When you hire people to work on your team, they are rarely the finished article. Often, they require a few months to get their bearings and work out what the brand expects from them. This, however, can sometimes be a prolonged process. Colleagues can spend many months with your firm – years even – and never really get to the point you’d hoped when you originally hired them.
If you find yourself in this position, then this post is for you. In the following sections, we explain some of the strategies that exasperated leaders use to bring team members up to the mark.
Just imploring colleagues to work harder and better rarely works. When it comes to knowledge-based jobs, fear is a poor motivator. Instead, figure out how you can encourage employees to bring their A-game using recognition.
The statement “employees repeat what you reward” is a tired old maxim, but it is also true. Employers often overlook the benefits of simple leadership modifications, such as providing workers with public recognition for their efforts.
Delegate And Empower
When employees aren’t quite meeting the quality standards managers expect, the typical approach is to reduce their responsibilities until they “prove” themselves. But often, managers should take the opposite approach. You can often get more out of workers if you empower them and give them more autonomy over decision-making.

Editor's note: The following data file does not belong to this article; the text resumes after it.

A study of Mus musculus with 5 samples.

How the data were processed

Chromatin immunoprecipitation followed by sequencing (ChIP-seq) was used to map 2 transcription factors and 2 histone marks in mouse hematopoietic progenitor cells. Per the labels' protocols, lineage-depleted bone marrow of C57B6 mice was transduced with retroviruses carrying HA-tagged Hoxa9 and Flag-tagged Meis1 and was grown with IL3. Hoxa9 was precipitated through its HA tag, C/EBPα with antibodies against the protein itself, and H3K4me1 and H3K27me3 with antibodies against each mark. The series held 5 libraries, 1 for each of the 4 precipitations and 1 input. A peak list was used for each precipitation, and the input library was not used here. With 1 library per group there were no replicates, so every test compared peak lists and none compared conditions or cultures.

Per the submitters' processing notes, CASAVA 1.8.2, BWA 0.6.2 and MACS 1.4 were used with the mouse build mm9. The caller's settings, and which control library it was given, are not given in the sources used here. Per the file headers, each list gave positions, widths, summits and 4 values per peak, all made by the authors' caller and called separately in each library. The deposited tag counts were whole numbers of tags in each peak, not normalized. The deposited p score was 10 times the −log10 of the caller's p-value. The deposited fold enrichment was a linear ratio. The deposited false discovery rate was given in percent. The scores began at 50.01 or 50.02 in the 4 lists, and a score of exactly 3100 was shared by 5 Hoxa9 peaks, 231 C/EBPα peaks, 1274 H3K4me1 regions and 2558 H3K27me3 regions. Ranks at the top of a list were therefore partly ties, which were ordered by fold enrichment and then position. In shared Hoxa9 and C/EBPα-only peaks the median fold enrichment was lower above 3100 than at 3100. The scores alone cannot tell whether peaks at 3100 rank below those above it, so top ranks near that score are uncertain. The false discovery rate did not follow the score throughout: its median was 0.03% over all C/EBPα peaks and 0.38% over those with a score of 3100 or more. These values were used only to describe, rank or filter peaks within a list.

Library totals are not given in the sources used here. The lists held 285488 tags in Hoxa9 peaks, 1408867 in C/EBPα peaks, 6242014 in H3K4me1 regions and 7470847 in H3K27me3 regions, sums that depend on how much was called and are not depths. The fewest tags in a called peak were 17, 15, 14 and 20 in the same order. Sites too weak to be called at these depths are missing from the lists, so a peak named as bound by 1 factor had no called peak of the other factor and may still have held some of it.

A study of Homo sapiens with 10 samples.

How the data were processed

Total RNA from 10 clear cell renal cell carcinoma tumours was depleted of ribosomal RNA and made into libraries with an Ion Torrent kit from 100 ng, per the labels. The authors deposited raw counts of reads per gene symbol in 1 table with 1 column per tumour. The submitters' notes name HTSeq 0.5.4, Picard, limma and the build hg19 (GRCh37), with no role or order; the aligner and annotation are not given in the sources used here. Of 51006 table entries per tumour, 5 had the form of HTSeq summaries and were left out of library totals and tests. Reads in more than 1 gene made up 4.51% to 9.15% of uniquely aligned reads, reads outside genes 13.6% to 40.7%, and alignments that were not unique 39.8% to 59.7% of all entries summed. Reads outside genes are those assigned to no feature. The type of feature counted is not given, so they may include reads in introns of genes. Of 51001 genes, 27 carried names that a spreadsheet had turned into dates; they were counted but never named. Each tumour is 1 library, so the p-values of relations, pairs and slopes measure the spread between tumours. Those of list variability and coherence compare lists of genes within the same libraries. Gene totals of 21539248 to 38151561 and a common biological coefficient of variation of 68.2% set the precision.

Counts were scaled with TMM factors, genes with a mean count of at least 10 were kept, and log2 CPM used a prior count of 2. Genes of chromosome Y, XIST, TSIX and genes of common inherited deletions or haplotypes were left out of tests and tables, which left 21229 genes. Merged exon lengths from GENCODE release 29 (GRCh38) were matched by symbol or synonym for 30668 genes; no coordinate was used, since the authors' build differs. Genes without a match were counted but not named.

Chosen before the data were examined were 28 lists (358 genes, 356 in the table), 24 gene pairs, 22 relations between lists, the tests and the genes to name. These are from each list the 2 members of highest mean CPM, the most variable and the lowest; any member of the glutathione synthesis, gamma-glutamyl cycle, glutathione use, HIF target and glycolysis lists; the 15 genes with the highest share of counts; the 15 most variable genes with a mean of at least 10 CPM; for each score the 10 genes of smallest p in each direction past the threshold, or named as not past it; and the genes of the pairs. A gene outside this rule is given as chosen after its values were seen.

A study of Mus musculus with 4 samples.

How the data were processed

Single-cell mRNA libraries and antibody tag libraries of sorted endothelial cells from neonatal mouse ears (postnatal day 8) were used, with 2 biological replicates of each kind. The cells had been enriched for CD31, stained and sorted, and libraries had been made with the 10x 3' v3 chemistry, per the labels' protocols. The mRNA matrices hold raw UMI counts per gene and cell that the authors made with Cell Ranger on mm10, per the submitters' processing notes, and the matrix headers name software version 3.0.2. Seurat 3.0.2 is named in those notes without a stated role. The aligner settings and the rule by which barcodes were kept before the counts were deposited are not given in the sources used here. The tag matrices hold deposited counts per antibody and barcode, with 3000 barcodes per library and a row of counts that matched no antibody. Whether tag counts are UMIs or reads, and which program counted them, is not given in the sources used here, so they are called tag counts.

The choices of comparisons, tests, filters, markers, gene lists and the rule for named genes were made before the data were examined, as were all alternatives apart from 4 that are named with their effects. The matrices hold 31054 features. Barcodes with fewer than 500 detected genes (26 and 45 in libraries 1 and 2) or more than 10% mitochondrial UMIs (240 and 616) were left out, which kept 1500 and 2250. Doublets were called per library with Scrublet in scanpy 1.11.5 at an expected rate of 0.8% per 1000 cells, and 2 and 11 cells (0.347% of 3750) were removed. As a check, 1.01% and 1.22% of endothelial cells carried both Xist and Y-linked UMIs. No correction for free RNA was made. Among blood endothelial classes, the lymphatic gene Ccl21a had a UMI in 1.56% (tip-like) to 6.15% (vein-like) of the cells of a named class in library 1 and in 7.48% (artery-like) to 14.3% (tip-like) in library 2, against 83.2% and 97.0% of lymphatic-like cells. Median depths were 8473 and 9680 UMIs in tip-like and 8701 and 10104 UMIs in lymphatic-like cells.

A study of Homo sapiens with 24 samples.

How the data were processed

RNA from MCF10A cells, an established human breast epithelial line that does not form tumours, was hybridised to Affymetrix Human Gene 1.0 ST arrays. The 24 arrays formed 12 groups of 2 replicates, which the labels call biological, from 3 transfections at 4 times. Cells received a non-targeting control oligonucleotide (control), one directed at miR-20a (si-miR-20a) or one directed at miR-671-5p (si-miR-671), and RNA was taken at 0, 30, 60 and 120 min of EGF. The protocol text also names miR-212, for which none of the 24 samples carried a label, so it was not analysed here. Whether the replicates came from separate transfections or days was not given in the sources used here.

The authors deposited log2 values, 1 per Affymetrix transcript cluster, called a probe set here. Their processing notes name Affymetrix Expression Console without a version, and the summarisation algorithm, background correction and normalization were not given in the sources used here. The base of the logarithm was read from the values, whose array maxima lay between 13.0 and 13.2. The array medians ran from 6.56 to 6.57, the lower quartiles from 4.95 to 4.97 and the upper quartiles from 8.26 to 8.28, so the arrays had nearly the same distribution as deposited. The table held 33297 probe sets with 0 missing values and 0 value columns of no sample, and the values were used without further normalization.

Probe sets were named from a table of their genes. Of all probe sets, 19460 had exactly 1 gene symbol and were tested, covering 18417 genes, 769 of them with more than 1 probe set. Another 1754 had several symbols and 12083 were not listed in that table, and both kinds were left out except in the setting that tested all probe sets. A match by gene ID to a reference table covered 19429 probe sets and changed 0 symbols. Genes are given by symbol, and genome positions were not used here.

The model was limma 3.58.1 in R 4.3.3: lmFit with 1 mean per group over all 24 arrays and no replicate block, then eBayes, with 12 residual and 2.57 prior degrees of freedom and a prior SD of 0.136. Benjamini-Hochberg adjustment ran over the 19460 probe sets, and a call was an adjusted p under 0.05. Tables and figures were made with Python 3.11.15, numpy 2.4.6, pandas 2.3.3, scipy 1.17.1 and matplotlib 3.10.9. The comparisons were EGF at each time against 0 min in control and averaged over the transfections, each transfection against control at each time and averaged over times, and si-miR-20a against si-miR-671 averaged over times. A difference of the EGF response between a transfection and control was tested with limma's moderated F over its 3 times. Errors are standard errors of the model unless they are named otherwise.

The reasons for this are quite complex but it all comes down to the personality of the individual worker. Some perform far better when they are able to direct their own work instead of taking endless orders from their superiors.
Commit To Continued Development
It is often easy to lose hope in certain employees and believe that you will never be able to bring them up to standard. That can lead some managers to reduce training opportunities to save money and, hopefully, encourage the worker to leave.
Quality leaders, however, explore all employee development options before pushing people out of the door. That’s because most underperforming workers are usually just one or two breakthroughs away from becoming highly competent in their roles. Training helps them to break through plateaus and get the best from themselves.
Communicate Your Vision
Sometimes employees have all the skills and technical expertise that you need, but they still refuse to perform. In many cases, the problem here isn’t procedural, it’s motivational. Colleagues simply don’t see why they should work so hard for your organization.
The trick here is to give them real motivation. If you can, align them with your vision by convincing them that it is important. Make it clear what you are trying to achieve and how their work fits into the grand scheme of things. It is often easier for colleagues to work hard if they understand why they are having to commit so many hours to a task.
In summary, smart managers know that employees usually have more to give than they are right now. So they look or opportunities for breakthroughs. They find ways to bring out their best so they don’t have to go through the complicated task of replacing them.